The collected interviews of Jim Mulligan

Silence that speaks volumes

Dexter’s Mum and Dad find it easier to engage with the lives of TV celebrities than with their own son.

Shut Up is a play about a boy who decides to stop talking. Dexter, the main character, opts for silence, and in the course of the play that silence becomes more eloquent than any of the babble that surrounds him.

Dexter is surrounded by people - parents, teachers, classmates, shrinks and doctors - who are talking at him all the time and what they’re saying is evasive, self-serving and often downright lies. And the background to all this babble is Television, the incessant, subliminal soundtrack in millions of homes, squatting there in the corner, seducing, bullying and cajoling us night and day. Sometimes we need straight answers, we need to be direct with people and we need them to be direct with us. That’s what Dexter wants. But no one can hear him. It’s just too noisy. So he shuts up.

Andrew Payne is not necessarily writing a polemic about the damaging effects of television on our society, but he is interested in the way the alternative reality of TV bleeds into and suffuses every nook and cranny of our lives. Dexter’s mum and dad find it easier to engage with the lives of TV celebrities than with their own son. When Dexter finally speaks, his language is laced with catchphrases from TV adverts, and finally gets his Dad’s attention: ‘Good old Dad. You know all the ads, don’t you, Dad?’

I have a very ambivalent attitude to television. I watch it and indeed I write for it, but it scares the hell out of me sometimes. Sit through two hours of prime time children’s TV and you need to lie down in a darkened room for half an hour. The ads are ruthlessly efficient, targeted with forensic precision, and often highly sexualised. Should we be worried about this? I don’t know. Should it concern us that the first words some children utter are global brand names? Again, I don’t know. But I like it when Dexter throws adspeak back in our faces. Good for him, I say.

Dexter stopped talking on his last birthday. In the course of the play, it’s revealed that a family row culminated in his father hitting him. Whether the beating happens once or is part of sustained abuse is not alluded to in the text.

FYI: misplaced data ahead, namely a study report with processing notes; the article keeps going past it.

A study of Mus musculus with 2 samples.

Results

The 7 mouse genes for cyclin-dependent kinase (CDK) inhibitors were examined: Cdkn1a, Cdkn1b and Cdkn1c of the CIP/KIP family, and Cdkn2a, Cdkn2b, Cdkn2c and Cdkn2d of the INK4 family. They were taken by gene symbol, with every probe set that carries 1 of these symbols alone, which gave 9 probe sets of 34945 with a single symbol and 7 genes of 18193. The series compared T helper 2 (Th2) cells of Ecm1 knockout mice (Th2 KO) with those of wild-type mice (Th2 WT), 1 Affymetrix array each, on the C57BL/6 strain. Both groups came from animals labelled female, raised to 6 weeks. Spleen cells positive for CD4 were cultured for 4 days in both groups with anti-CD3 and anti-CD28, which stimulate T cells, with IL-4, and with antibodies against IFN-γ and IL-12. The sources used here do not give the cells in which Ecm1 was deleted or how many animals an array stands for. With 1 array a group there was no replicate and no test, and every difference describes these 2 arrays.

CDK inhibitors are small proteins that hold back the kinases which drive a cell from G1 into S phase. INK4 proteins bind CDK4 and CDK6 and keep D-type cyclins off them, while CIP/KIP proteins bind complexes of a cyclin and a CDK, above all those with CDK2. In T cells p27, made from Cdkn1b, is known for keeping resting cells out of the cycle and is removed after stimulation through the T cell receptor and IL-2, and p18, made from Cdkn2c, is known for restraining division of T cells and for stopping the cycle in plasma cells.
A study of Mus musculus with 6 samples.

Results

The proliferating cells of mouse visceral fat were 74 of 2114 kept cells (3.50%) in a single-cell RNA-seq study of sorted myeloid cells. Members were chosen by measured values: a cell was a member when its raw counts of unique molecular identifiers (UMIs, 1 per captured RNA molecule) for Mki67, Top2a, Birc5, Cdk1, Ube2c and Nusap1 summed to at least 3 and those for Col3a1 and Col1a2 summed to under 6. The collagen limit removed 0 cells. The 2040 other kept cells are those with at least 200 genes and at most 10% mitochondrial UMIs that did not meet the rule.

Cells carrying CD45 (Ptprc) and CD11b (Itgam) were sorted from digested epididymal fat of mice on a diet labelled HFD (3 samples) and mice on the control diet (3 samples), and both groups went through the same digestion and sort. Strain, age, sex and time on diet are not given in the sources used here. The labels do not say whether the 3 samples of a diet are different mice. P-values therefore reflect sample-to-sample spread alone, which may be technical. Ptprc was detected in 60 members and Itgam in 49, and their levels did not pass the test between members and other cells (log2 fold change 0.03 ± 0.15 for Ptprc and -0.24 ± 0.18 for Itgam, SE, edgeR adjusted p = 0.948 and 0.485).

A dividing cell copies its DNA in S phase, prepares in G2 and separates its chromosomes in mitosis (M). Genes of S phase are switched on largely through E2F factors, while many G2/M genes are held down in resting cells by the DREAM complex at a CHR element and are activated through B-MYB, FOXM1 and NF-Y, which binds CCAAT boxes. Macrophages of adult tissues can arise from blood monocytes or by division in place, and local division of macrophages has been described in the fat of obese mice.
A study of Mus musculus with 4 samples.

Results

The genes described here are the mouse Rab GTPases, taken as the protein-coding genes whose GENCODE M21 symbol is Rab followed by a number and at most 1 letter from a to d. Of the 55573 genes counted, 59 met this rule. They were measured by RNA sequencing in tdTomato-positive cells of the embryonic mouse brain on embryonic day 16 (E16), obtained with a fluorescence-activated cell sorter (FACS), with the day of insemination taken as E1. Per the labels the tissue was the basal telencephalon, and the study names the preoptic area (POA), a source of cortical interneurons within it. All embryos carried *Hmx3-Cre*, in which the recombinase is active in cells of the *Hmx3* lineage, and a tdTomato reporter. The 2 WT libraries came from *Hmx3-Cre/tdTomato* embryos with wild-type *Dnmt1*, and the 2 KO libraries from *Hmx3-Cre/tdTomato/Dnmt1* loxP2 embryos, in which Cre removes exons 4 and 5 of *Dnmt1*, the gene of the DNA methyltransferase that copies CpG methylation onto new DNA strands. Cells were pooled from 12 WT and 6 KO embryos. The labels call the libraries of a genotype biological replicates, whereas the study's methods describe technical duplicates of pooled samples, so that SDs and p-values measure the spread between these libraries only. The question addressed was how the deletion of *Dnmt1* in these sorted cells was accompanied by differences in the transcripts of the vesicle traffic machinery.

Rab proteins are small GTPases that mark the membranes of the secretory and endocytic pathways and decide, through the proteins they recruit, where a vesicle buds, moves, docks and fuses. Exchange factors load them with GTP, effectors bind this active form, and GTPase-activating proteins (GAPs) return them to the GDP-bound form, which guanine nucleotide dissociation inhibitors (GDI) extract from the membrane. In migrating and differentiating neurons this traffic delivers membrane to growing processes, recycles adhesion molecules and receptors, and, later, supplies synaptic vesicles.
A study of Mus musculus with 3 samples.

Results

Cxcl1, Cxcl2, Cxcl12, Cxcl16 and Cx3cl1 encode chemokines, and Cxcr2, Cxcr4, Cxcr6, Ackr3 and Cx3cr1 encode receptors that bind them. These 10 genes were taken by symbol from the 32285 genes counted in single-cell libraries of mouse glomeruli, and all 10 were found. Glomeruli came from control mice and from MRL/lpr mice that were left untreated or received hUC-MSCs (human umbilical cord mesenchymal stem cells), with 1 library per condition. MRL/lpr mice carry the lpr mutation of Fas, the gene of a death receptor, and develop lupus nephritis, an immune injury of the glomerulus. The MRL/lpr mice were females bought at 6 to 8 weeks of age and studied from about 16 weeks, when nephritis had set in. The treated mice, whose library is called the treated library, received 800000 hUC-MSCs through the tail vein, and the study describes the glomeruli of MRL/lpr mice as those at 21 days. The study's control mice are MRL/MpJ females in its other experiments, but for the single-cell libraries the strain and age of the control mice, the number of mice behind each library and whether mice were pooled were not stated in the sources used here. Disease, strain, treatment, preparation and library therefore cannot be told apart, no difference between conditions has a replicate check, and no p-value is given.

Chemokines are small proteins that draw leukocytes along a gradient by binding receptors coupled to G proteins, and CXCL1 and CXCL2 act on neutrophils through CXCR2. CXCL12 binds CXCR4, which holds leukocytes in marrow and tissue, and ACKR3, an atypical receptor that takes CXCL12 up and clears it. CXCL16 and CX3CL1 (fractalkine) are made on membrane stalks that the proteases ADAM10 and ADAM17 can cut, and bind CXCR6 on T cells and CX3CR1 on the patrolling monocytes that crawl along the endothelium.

You can only go by what is on the page. Anything else is speculation, for me as much as for anyone else. But I think Dexter’s dad is probably too lazy and too busy watching television to work up the energy for regular beatings. His life is completely bounded by TV and driving his van. He is not engaging with life at all. Engaging with his son would mean that he had to take responsibility for his own life. What is clear is that Dexter’s mother betrays her son when, in order to protect her husband, she will not reveal the cause of his silence. That’s a big moment, a turning point in the play.

The adults in Shut Up tend to be larger than life. Dexter and his fellow students are more naturalistically portrayed and, in a way, more alert and intelligent than the adults. Witty and manipulative, they fulfil the curriculum requirements with the minimum of effort, recycling second-hand opinions from the internet which is enough to satisfy their hard-pressed teacher. Dexter is the only student who makes an original analysis of the Blake poems. His analysis, whatever one thinks of it, has the merit of being personal and deeply felt.

Sometimes the writing gods smile on you. I came across the Blake poems by chance and they were perfect: a small boy is lost, his parents can’t find him, but God saves the day! But God ain’t going to help Dexter, and Dexter knows it. As far as Dexter is concerned, the poems are no better than the lies trotted out in TV commercials. That is not necessarily my view, but I do find Dexter’s take on Blake rather bracing.

Salvation appears to be offered to Dexter by the ambiguous character called Johnny Smith, a messianic figure dressed in white. Johnny Smith urges Dexter to start talking again: ‘The words will pour from you in a veritable torrent and you will be loved and you will be forgiven.’ Johnny Smith is another disappointment. The salvation on offer is nothing more than a job at the local burger bar.

I am very suspicious of preachers and proselytisers but I can’t help liking Johnny Smith. The poor guy. He’s out there preaching salvation and this salvation amounts to getting a job in a burger bar. Join us and you will be saved. Join our church, the church of burgers. Be a winner, not a sinner. Taste the quality. Poor Johnny.

The other chance of salvation comes from television itself. A couple of educational pyschologists express an interest in making a documentary about Dexter. Surely television will succeed in rehabilitating Dexter where all others have failed.

Television has become the last resort, the ultimate therapy: Brat Camp, Fat Camp, Neighbours from Hell, you name it, it’ll make good TV, and the more dysfunctional the participants the better. And it’s bound to end in hugs because it’s on TV, right?

Not for Dexter though. He sabotages his chance of fame by opening his mouth and talking. No redemption on TV for Dexter.

The only person who tells Dexter the truth is Tatiana, a compulsive fantasist known in school as Tats the Liar. Dexter, however, brings out the truth in Tatiana.

When Tatiana says, ‘That’s all true. None of that is lies.’ Dexter knows she’s telling the truth. I think Dexter and Tatiana will find some sort of redemption in their relationship, whatever it might turn out to be, because they accept each other for what they are.

When Dexter shuts up again, Tatiana says she does not mind and makes it clear that she will continue to see him. The last words are Dexter’s: ‘See you tomorrow, Tat-eee-arna.’ But there’s no one there to hear them.